Friday, June 1, 2012 by Elizabeth Pagano

After years of debate, City Council has taken action to more closely regulate flag lots.

 

On a 5-2 vote, Council last week adopted the Planning Commission’s recommendations for regulations on the lots. Council Member Chris Riley and Mayor Pro Tem Sheryl Cole voted no, citing a concern about housing affordability.

 

The new ordinance would allow a developer to seek approval from the director of the Planning and Development Review Department for flag lots on newly platted land. However, in the case of re-subdivided lots, a flag lot would require a variance through the Planning Commission.

 

In its recommendations, staff argued against requiring a variance for the re-subdivision, saying that it would deter development and increase costs.

 

“We would estimate that the variance process would add at a minimum a month,” said George Zapalac, the development services manager of the Planning and Development Review Department. “I think the time is one factor, but the uncertainty that is created whenever a variance is required is also a factor in the developer’s mind.”

 

Zapalac explained that approval by the director was a much less formal process, and that the new variance-seeking process would require a greater investment by developers and more complete plans, which would likely increase the cost of building on such a lot.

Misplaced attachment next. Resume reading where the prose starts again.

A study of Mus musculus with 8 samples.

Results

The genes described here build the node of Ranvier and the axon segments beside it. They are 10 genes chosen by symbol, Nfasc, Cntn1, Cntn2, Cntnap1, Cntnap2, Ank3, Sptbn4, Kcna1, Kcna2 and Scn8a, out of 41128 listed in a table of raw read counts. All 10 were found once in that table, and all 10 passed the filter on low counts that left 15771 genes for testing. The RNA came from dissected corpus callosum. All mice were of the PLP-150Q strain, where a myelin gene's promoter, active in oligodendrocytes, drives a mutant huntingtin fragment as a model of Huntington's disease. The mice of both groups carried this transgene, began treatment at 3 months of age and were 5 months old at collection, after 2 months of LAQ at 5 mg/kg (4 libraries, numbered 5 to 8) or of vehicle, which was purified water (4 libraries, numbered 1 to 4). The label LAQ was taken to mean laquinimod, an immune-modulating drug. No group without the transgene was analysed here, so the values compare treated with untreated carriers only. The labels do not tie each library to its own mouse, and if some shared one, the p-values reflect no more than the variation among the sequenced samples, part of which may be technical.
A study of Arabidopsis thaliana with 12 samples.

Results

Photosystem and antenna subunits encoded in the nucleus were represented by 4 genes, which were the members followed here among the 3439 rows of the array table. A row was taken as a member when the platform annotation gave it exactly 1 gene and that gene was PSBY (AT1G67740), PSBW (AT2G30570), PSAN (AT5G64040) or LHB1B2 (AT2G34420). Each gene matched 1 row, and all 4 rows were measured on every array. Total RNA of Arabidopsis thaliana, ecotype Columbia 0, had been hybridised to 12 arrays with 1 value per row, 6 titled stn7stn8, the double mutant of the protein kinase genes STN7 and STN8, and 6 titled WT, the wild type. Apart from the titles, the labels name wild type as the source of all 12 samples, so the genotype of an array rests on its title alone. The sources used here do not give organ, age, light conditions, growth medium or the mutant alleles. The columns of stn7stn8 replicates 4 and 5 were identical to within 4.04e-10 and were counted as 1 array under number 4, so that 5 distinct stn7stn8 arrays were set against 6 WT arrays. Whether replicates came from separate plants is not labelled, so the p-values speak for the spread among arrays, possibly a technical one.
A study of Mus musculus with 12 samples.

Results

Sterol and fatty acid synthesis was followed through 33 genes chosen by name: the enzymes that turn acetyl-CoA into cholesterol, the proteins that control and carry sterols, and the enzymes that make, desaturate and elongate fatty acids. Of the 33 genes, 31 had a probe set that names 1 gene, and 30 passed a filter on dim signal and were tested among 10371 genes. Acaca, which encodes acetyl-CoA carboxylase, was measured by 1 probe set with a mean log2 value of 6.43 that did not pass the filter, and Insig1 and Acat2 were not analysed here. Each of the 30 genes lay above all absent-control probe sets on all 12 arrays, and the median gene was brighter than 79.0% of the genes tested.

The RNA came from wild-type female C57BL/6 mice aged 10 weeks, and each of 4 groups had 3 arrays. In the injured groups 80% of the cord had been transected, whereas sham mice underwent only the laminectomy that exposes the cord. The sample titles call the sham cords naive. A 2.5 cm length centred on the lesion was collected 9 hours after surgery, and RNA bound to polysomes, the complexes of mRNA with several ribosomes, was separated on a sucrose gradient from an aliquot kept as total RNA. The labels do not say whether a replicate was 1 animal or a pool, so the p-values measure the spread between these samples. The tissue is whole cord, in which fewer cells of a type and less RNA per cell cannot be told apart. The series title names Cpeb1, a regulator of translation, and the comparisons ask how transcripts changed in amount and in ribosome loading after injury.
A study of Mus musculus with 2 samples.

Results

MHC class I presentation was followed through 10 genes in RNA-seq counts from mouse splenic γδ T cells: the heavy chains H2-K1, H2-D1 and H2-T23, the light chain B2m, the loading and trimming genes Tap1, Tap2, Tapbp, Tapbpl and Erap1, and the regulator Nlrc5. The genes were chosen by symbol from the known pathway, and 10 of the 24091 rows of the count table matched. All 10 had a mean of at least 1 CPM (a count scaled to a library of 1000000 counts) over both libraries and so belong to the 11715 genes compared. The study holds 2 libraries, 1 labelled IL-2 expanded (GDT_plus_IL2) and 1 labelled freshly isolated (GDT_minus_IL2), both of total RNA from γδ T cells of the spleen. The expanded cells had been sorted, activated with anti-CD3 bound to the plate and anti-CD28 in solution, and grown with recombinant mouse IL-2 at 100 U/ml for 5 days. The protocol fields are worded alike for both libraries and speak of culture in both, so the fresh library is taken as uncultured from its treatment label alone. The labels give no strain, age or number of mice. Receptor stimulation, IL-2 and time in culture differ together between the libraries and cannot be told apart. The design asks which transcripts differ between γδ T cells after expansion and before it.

Riley expressed concern over an affordability impact statement, which showed increased development cost should flag lots require a variance.

 

“I just want to stress that one month of extra effort . . .  is a reasonable tradeoff in order to ensure compatability in our neighborhoods,” said Council Member Laura Morrison.

 

The new ordinance sends single-family or duplex subdivisions on previously-platted land to the Planning Commission. Previously, the lots did require a variance, but it was one that was granted by the Director of Planning and Development Review.

 

“It becomes, instead of the director’s variance, it becomes a variance that the Planning Commission can grant… They have discretion, they can actually look at the case and see whether or not serious incompatibilities are going to arise from that,” said Morrison. “I think that this is a smart way to go. It allows our commissions to actually do their job and have the discretion. It allows for a public process for this, so that the neighbors can come in and talk about their sense of whether it is compatible or not.”

 

Because the new regulations require a variance, they also allow neighbors to submit a valid petition in the case that they oppose the flag lot.

 

The ordinance sets the minimum width of flag lots at 20 feet unless two or more flag lots share a common driveway, there is extra room for utility installation, or there is access via an alternative route. In these cases, the minimum lot width is 15 feet.

 

Additionally, subdivisions are required to submit a driveway and utility plan for review and approval.

 

City Council approved the recommendation with one change, substituting the word “shall” for “can” in the section of the ordinance which addresses approval of the variance by the commission. The change was an attempt to speed up the process, and limit unnecessary time spent getting variances approved that met criteria for flag lots.

 

Under the new rules, the commission “shall” approve the re-subdivision of land into flag lots if developers demonstrate compatibility, enhance environmental and tree protection, emergency access, and demonstrated room for utilities. Applicants are also required to submit copies of any private deed restrictions for “informational purposes.”